Fatal Accident at Denaby Main – John Humphreys

March 1888

Leeds Times – Saturday 10 March 1888

Fatal Accident at Denaby Main.

A miner named John Humphreys, living at New-buildings, Denaby Main, was killed by a fall of coai whilst following his employment at Denaby Main Colliery on Monday.

The deceased was ” holing,” when a ” bump,” arising from a ” letter-off,” disturbed a prop and cross bar which held up the coal, with the result that he was completely buried by the fall that followed.

His five brothers and father were in the same working place, but they escaped. When got out it was found that he was dead.

Deceased was about 30 years old.


Sheffield Daily Telegraph – Thursday 08 March 1888

Fatal Accident At Denaby Colliery.

Yesterday afternoon an inquest was held at the Reresby Arms, Denaby Main, before Mr. Dossey Wightinan. Coroner, touching the death of John Humphreys, aged 34, who was killed in the Denaby Main Colliery on Monday afternoon.

Samuel Humphreys, deceased’s brother, said he was working with him at the time the accident happened. Deceased was sitting down “holing” at the time the accident, having holed about a foot at that place. The fall gave no warning, but came with a bump—about three tubs full.

He was got out in about ten minutes, but was then quite dead, and as he never spoke not groaned it was witness’s opinion that his brother was killed instantly.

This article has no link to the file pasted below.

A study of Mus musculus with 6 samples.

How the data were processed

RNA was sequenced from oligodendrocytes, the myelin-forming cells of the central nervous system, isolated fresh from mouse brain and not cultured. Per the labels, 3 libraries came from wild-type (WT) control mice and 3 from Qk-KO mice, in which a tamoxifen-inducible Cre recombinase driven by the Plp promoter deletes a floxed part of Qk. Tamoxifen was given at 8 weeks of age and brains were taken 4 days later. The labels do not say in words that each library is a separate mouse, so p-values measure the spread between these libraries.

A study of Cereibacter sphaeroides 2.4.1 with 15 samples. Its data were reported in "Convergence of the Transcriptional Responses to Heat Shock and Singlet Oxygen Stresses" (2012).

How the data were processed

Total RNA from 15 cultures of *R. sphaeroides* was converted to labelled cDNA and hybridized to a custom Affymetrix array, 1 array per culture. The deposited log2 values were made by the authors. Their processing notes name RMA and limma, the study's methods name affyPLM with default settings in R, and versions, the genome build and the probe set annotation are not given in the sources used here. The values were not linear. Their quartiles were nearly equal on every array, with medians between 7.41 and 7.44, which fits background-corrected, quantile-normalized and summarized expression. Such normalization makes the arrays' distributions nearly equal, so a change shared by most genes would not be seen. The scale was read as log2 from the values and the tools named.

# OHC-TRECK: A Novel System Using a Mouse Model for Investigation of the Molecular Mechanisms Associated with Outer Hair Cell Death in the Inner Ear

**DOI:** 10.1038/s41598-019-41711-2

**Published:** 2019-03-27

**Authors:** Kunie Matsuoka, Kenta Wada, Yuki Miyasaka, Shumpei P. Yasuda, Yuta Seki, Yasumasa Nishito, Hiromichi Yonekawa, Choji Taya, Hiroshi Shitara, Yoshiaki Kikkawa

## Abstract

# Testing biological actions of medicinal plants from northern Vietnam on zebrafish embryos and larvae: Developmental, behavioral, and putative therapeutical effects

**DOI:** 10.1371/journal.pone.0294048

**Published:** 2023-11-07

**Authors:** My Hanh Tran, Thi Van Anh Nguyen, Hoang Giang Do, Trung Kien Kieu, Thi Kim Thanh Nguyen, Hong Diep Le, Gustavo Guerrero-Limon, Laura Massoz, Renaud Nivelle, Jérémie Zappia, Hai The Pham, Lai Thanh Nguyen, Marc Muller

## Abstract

The fall had the effect of knocking a sprag out. There was a slip there which they all knew about, but they did not know that a face slip met it, and they thought this slip was perfectly safe so long as it was “cockered.” Witness was about four or five yards away when the fall came, and there was another brother nearer deceased, and when the fall came it struck him on the knee, but did not hurt him. To the best of his belief witness would swear that the fall could not have been foreseen or prevented.

Robert Wright, the deputy, said visited the scene of the accident quarter hour before the fall occurred. He knew the slip was there, but inasmuch the place was properly timbered he thought it was perfectly safe, not knowing about the other slip.

Mr. Wardell, the inspector, had visited the place, and had not blamed witness.

The Foreman said was perfectly satisfied that the affair was the result of a pure accident. No one could avoid these bumps; they came very suddenly, but when the best man in the world could not tell.

A verdict of “ Accidentally kilied” was returned.